Truck Crash Causes

Truck Accident Causes in Georgia

Truck accidents can cause death and catastrophic injury to occupants of the passenger vehicles involved. That is not to say that the truck drivers themselves are never in danger. However, the overwhelming majority of those injured or killed in truck accidents were occupants of a vehicle other than the big rig. That is no coincidence. The size and weight disparity between a passenger car and a large truck account for the devastation that can occur in a collision between the two vehicles.

Every driver on the road in Georgia owes each fellow motorist, motorcycle rider, bicycle rider, and pedestrian a duty of care. The precise nature of the driver’s duty depends on the type of vehicle driven at the time of the crash. Truck drivers who have advanced training on operating a commercial vehicle should be judged whether they violated their duty of care by whether the driver deviated from the degree of care used by the average, or reasonable, truck driver in the circumstance. Violating the duty of care owed to other motorists can cause truck accidents.

Federal and state transportation agencies specify a driver’s duty through use of regulations. The National Transportation Safety Board (NTSB) and the Federal Motor Carrier Safety Administration (FMCSA) investigate trucking accidents and develop statistical analysis of the causes of crashes after the investigation. Essentially, the NTSB’s investigators examine a crash scene and determine the cause of a particular truck wreck. Meanwhile, the FMCSA has the authority to regulations concerning large truck safety and compiles statistics to develop trends.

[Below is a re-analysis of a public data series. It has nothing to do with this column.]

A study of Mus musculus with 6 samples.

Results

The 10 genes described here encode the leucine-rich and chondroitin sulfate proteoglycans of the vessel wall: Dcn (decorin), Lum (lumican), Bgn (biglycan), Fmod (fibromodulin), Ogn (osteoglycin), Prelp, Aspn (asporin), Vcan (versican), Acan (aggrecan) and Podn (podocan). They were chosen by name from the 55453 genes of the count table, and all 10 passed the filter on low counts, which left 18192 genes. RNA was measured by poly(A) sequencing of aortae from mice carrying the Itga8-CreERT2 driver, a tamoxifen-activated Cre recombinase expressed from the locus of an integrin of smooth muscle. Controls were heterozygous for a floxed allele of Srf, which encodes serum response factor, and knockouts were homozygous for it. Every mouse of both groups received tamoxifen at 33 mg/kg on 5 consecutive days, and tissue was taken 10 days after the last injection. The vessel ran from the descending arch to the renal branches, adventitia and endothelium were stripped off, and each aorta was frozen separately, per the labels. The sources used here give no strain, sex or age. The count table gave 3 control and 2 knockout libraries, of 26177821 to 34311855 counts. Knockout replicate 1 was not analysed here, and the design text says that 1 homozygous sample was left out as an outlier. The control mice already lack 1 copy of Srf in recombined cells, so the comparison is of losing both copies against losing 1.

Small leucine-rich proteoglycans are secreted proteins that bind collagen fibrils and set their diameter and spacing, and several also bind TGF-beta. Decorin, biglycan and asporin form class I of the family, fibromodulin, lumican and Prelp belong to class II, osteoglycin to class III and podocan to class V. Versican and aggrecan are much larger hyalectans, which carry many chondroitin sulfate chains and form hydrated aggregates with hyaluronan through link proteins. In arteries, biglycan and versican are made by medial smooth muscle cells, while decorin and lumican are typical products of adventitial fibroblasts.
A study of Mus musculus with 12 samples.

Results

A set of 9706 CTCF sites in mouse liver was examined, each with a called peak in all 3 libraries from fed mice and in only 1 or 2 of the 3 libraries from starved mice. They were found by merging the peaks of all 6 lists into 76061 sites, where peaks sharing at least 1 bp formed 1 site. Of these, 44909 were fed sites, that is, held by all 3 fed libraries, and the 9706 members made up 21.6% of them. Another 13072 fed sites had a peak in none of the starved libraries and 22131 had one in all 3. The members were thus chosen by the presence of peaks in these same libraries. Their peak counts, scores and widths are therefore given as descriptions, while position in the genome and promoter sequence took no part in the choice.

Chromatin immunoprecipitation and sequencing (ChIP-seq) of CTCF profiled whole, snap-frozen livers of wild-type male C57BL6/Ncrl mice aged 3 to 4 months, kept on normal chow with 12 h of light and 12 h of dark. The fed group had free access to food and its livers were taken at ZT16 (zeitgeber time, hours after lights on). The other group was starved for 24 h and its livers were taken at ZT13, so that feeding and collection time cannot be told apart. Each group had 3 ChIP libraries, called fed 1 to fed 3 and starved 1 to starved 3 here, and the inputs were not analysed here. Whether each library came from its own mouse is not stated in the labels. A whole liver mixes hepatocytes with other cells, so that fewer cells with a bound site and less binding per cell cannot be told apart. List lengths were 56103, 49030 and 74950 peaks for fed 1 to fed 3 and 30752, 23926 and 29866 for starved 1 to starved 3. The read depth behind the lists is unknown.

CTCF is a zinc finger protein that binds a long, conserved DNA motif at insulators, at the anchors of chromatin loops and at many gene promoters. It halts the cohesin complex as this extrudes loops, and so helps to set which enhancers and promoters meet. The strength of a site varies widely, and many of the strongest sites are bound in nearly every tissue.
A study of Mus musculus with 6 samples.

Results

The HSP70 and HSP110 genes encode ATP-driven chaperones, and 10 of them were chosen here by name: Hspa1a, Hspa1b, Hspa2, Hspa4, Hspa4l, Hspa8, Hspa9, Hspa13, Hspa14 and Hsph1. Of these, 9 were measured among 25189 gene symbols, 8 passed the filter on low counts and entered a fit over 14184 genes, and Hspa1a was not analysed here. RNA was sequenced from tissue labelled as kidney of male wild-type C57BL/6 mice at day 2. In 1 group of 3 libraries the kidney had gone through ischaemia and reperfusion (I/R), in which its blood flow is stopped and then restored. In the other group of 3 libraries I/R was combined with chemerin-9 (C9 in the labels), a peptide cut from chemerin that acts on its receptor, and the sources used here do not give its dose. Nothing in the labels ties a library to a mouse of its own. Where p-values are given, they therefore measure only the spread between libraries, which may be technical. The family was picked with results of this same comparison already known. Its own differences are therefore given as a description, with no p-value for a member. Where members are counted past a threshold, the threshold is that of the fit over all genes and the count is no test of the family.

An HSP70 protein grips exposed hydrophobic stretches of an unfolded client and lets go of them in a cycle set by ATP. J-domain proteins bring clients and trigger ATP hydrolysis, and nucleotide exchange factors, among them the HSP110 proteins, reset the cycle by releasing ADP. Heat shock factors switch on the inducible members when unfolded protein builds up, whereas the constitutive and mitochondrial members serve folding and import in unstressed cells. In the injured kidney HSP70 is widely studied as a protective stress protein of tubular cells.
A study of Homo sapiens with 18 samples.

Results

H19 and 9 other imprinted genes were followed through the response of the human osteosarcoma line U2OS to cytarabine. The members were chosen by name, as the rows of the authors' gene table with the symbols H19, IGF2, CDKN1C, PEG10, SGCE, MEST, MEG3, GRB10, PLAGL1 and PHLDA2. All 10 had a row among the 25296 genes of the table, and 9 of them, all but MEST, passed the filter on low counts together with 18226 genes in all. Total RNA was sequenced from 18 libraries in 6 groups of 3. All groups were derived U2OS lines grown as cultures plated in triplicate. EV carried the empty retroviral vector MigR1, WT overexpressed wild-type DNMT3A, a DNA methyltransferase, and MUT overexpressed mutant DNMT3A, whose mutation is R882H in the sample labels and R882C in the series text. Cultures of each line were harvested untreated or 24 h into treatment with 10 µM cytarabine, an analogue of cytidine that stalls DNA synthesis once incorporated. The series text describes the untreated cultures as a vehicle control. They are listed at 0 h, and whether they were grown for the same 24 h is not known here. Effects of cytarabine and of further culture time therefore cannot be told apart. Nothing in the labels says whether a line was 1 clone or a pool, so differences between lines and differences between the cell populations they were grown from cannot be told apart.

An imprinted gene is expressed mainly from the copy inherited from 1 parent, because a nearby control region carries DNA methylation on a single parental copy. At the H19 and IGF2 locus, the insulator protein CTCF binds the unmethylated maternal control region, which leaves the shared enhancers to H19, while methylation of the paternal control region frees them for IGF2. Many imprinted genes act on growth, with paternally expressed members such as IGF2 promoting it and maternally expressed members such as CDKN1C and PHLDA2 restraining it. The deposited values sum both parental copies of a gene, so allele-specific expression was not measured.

Through their exhaustive work with investigating large truck crashes, the NTSB and FMCSA have developed criteria for which each crash and its essential primary cause may be defined. Analytically, accident causes are grouped into three categories:

  1. Driver initiated,
  2. Mechanical, and
  3. Environmental.

Drivers have little control over the environmental causes for crashes. Notwithstanding, truck drivers must drive in a manner consistent with the road and atmospheric conditions.

Driver-initiated causes of truck accidents

The NTSB and FMCSA have identified numerous driver-initiated causes of truck crashes. The causes of truck accidents include:

  1. Prescription drug use,
  2. Traveling too fast for road conditions,
  3. Lack of familiarity with route and road,
  4. Over the counter drug use,
  5. Inadequate surveillance of road and traffic conditions,
  6. Fatigue and actually sleeping,
  7. Illegal maneuver,
  8. Inattention,
  9. Exterior distraction,
  10. Insufficient evasive action,
  11. Aggressive or reckless driving,
  12. Lack of experience or familiarity with vehicle,
  13. Tailgating,
  14. Inaccurate response to others’ actions,
  15. Under pressure to accommodate additional loads,
  16. Under pressure to drive even after voicing complaint of fatigue,
  17. Conversation,
  18. Misjudged distances,
  19. In a hurry before crash,
  20. Illness,
  21. Interior distraction,
  22. Unlawful drug use,
  23. Discomfort with vehicle or load,
  24. Self-imposed pressure to drive though meeting regulatory requirements,
  25. Required to accept trips on short notice,
  26. Emotional disquiet before crash,
  27. Alcohol use,
  28. Issues with judgment causing a moving violation such as failure to yield, and
  29. Pressure applied by the trucking company to perform.

When any one or a combination of these driver-initiated factors occurs, other motorists are endangered. These factors cause the driver to lose control over the truck causing rollovers, jackknifes, rear-end, and sideswipe crashes. Additionally, these factors can cause the driver to neglect to perform a thorough and exhaustive pre-trip safety exam of the truck. That can lead to equipment failure such as tire blowouts, loss of a wheel, brake loss, or shifting cargo.